I’m writing this from a desk, and you’re probably reading it from one as well. Whether you have a desktop computer or a laptop, desks are an essential feature of our modern, connected lives. But desks have a long history linked to all kinds of work: writing, learning, painting and reading. Here’s how desks matter in our culture and in our lives.
The desk: A history
In their simplest form, desks are tables meant for activities other than eating. Desks are different from tables by their more utilitarian design: they often have drawers and shelves to put away papers and writing material.
Historians have found no proof of desks specifically meant for writing in the Greek and Roman antiquity. The earliest examples we know come from the Middle Ages, when monks started to specialize in copying manuscripts for preservation. Medieval illuminated texts often show monks and saints at writing desks. These pre-printing press desks had space for writing and illumination implements and were made to withstand the enormous weight of books.
The first desks with drawers appeared during the Renaissance. Historians can confirm the purpose of these desks by finding the characteristic spaces for the ink pot, the blotter and the powder tray, as well as a space for pens and quills.
The Enlightenment version of our laptop was called a “portable desk”, a sort of box you could open up to reveal paper and ink and put on your lap to write during travels or when staying away from home. A now sadly infamous example is the recent theft of George Eliot’s portable writing desk from a museum dedicated to the Victorian author.
As science and technology evolved during the Industrial Revolution of the mid-to-late 1700s, a new type of desk appeared: the drawing or drafting desk. This more complex desk lets the user put the plane of the desk at an incline for the most comfortable drafting position. Designers, artists and architects still use this kind of desk today. During the 19th century, cabinet makers started selling the rolltop desk, a desk that could be covered by a series of linked wooden slats. A lock would keep the contents private when the slats were rolled down.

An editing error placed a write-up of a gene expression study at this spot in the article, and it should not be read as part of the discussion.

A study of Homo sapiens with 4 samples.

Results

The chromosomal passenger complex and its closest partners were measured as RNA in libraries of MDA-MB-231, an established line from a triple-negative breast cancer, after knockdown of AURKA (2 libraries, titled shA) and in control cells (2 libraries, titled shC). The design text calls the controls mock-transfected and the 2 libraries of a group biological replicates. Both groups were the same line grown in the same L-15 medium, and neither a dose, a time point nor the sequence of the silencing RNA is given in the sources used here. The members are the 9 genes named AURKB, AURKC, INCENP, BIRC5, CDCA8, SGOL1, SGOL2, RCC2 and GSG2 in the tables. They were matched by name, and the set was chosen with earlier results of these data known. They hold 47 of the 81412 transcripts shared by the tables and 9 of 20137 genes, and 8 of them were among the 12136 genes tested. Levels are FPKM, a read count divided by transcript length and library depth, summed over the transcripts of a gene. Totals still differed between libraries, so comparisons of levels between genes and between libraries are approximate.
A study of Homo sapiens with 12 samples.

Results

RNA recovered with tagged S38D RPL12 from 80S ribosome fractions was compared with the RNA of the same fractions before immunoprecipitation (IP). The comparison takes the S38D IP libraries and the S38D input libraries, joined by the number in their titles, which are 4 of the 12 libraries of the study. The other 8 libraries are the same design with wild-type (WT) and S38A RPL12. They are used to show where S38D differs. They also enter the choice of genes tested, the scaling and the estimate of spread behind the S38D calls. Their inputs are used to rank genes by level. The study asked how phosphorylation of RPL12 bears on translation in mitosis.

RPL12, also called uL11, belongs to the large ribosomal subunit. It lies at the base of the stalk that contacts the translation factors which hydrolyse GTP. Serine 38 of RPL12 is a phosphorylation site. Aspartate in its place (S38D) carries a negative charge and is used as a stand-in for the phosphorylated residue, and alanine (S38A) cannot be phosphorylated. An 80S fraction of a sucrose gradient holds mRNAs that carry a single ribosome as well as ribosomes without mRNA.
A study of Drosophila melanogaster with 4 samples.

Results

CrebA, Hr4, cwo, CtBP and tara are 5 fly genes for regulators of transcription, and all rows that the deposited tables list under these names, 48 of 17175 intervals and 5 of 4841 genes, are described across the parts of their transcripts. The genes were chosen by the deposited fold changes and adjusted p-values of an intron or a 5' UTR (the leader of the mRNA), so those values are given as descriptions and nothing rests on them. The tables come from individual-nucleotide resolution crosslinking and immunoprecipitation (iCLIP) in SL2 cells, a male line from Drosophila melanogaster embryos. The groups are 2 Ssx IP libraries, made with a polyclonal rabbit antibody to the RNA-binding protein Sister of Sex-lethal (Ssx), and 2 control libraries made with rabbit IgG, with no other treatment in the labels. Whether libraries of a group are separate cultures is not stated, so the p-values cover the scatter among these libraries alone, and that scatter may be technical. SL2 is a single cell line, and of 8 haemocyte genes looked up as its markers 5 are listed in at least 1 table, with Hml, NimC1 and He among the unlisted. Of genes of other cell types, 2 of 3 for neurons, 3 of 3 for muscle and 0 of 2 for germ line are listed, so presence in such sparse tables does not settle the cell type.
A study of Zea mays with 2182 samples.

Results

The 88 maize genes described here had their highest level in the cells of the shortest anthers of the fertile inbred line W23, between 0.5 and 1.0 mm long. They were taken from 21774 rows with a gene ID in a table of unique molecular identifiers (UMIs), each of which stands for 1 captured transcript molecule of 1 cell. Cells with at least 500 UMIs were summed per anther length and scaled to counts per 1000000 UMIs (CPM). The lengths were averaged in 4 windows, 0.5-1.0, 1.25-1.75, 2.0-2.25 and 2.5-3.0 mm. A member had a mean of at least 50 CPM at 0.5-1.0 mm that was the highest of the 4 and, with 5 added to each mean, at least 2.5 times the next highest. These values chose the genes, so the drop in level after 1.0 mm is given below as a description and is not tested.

The emergence of the computer changed the shape of the desk to include space for a screen, holes for wires, a sliding shelf for a keyboard and drawers and shelves for CDs and computer-related books. The modern multifunction desk has enough space for reading and writing as well as working on computers. Today, desks come in all shapes and forms. Some are for general use, while others have specialized functions.
The desk: A cultural view
Culturally, the desk is associated with work and industry, as well as learning and education.
Nothing recalls school days better than the student desk, with its hollow shape filled with books and booklets, colored pencils and pens. How can we forget the sleepless nights spent at our dorm desk in college, plowing away at that essay or report due the next morning? The desk is where children and youth learn the skills they need to succeed in their professional future.
When these children finally grow up and join the workforce, the desk becomes a space of productivity and work. In junior positions, the desk is often surrounded by the grey walls of the office cubicle. These young workers long for the space of the supervisor’s desk, tucked away in an office with windows and doors.
The size and material of a desk denotes the desk owner’s position in a company. CEOs have massive desks made of expensive wood, large enough to house three of the junior workers. But no matter where it is found or who works on it, the desk is still the place where work is done.
The desk: A personal view
I’ve always had a love affair with desks. While my current workspace is minimal and simple, I often dream of a desk made of rich red wood placed between two bookcases filled to the brim with volumes. I am a writer; my desk is where my ideas come to life on the screen.
As a self-employed professional, my desk is both a working and a relaxing space. I’ve spent countless hours watching videos, social networking and playing video games, as well as writing my way to paying the rent. My desk has a double, often conflicting purpose.
Home desks are intimately personal spaces nowadays, given how much personal information our computers contain. But at work, in an office, desks can be impersonal and alienating because they are so easily interchangeable. Who was there before you? Who will be there after you leave? Will there be a trace of you left?
What does your desk, at home or at work, mean to you? How does it represent your relationship with work? Share your thoughts and experiences with our community!